Robert Rafelson was born on Feb. 21, 1933, in New York City. His father was a hat manufacturer who expected his sons to enter the family business. But Mr. Rafelson found inspiration in his uncle, the screenwriter Samson Raphaelson, who worked with the director Ernst Lubitsch on many films, including “Trouble in Paradise” and “The Shop Around the Corner.”
Rebelling against his comfortable Upper West Side upbringing, Mr. Rafelson left home as a teenager to work at a rodeo in Arizona and to play with a jazz band in Acapulco, Mexico. He returned to East study philosophy at Dartmouth College, and on graduating was drafted into the Army. He served in Japan, working as a D.J. for the Far East Network of military radio and television stations. He was court-martialed twice, once for striking an officer and once for uttering an obscenity on the air.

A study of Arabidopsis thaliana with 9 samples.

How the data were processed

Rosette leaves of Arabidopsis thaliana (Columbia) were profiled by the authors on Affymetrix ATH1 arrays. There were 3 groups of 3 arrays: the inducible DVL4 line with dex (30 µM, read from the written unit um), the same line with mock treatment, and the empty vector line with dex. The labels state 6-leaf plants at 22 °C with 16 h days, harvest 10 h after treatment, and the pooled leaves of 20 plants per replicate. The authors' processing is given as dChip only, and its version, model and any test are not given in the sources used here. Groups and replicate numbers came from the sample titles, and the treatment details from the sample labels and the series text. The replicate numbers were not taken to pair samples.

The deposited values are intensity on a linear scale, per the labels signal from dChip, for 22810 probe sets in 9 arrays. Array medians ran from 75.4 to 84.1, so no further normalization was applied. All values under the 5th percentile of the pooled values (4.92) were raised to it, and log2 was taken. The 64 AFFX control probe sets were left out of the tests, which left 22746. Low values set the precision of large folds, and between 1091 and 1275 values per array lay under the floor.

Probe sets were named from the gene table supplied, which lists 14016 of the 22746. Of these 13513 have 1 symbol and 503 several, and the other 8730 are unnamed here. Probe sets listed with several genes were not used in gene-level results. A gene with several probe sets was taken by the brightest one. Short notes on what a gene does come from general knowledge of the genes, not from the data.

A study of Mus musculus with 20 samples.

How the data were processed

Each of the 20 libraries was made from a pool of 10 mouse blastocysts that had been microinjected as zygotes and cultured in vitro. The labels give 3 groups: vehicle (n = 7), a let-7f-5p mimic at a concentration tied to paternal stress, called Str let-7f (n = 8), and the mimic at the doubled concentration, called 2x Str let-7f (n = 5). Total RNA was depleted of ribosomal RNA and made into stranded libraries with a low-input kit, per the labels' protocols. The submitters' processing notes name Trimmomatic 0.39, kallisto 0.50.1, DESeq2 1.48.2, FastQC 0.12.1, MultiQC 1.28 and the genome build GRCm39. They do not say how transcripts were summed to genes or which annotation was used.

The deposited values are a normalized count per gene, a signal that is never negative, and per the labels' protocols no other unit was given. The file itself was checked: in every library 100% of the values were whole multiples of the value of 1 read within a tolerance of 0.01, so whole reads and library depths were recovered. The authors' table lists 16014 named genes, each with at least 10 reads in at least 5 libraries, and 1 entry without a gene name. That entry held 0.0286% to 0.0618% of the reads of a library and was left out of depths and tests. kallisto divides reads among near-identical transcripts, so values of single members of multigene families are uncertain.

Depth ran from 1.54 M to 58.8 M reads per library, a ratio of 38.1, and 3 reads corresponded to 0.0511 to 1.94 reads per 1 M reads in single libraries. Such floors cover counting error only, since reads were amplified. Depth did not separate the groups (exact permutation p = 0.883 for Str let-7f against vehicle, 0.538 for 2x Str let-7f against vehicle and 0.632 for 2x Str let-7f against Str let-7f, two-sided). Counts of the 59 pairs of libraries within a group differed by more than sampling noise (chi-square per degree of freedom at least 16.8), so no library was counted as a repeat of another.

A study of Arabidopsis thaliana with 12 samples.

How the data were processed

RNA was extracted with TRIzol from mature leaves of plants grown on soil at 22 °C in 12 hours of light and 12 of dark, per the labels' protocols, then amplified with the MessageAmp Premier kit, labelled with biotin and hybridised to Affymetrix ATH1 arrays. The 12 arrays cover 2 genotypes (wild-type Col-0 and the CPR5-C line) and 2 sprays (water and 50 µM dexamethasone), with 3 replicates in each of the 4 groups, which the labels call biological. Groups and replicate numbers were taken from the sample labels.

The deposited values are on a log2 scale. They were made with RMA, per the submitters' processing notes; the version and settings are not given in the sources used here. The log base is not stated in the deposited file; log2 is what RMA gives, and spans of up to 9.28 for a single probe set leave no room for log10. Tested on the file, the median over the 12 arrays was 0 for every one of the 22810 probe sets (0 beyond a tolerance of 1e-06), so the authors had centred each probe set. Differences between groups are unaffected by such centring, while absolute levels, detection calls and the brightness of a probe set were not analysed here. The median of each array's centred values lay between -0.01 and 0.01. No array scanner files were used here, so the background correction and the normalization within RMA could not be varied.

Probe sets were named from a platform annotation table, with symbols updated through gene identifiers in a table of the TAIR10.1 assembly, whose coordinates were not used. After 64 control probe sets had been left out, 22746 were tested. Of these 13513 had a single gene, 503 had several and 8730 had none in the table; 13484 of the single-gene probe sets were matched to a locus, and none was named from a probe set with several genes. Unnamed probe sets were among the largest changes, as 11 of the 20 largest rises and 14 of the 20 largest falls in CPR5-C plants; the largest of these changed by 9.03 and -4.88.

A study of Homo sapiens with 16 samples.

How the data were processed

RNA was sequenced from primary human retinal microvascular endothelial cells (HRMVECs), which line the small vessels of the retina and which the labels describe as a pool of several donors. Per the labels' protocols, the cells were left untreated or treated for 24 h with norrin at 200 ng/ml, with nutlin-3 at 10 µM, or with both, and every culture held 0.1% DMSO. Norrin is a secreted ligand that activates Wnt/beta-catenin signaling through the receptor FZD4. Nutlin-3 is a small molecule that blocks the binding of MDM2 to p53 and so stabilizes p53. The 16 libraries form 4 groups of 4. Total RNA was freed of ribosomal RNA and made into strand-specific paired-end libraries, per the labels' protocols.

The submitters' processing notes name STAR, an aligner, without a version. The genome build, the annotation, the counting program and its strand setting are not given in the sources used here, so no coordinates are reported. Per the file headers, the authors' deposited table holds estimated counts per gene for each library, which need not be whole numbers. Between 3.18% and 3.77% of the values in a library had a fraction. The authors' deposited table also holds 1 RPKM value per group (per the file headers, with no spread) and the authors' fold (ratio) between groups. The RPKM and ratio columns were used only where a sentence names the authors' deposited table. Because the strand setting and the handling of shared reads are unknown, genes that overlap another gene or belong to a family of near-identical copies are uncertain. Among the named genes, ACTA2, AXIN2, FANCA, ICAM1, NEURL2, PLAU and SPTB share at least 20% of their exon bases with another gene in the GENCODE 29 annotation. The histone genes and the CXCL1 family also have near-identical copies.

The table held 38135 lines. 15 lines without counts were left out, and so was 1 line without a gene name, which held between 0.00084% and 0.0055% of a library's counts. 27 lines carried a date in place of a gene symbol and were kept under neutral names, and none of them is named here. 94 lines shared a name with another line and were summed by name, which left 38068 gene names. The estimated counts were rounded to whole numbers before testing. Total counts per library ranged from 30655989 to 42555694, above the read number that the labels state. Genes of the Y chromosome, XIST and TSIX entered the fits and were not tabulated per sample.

Mr. Rafelson, an avid moviegoer as a child, had been exposed to foreign films at a young age, and while in Tokyo he worked as a consultant for the Japanese studio Shochiku. Back in New York, he got his start as a story editor on the “Play of the Week” TV anthology series.
After moving to Los Angeles in 1962 with his first wife, Toby Carr, a production designer, he continued to work in television, but the strictures of the format were a poor fit for his ambitions and eclectic tastes.
He lost his job at a television arm of Universal Pictures when he got into an argument with the Hollywood titan Lew Wasserman over a casting choice. Mr. Rafelson knocked everything on Mr. Wasserman’s desk to the floor, and was escorted off the premises.
At Screen Gems, then the television subsidiary of Columbia Pictures, he met Mr. Schneider, a kindred spirit whose father, Abraham, was a top Columbia executive. The two well-connected young producers sought to capitalize on the success of Beatlemania with a show about an invented pop group. Their ads seeking “4 insane boys, 17-21” yielded the Monkees, and the heartthrobs became bona fide chart-toppers.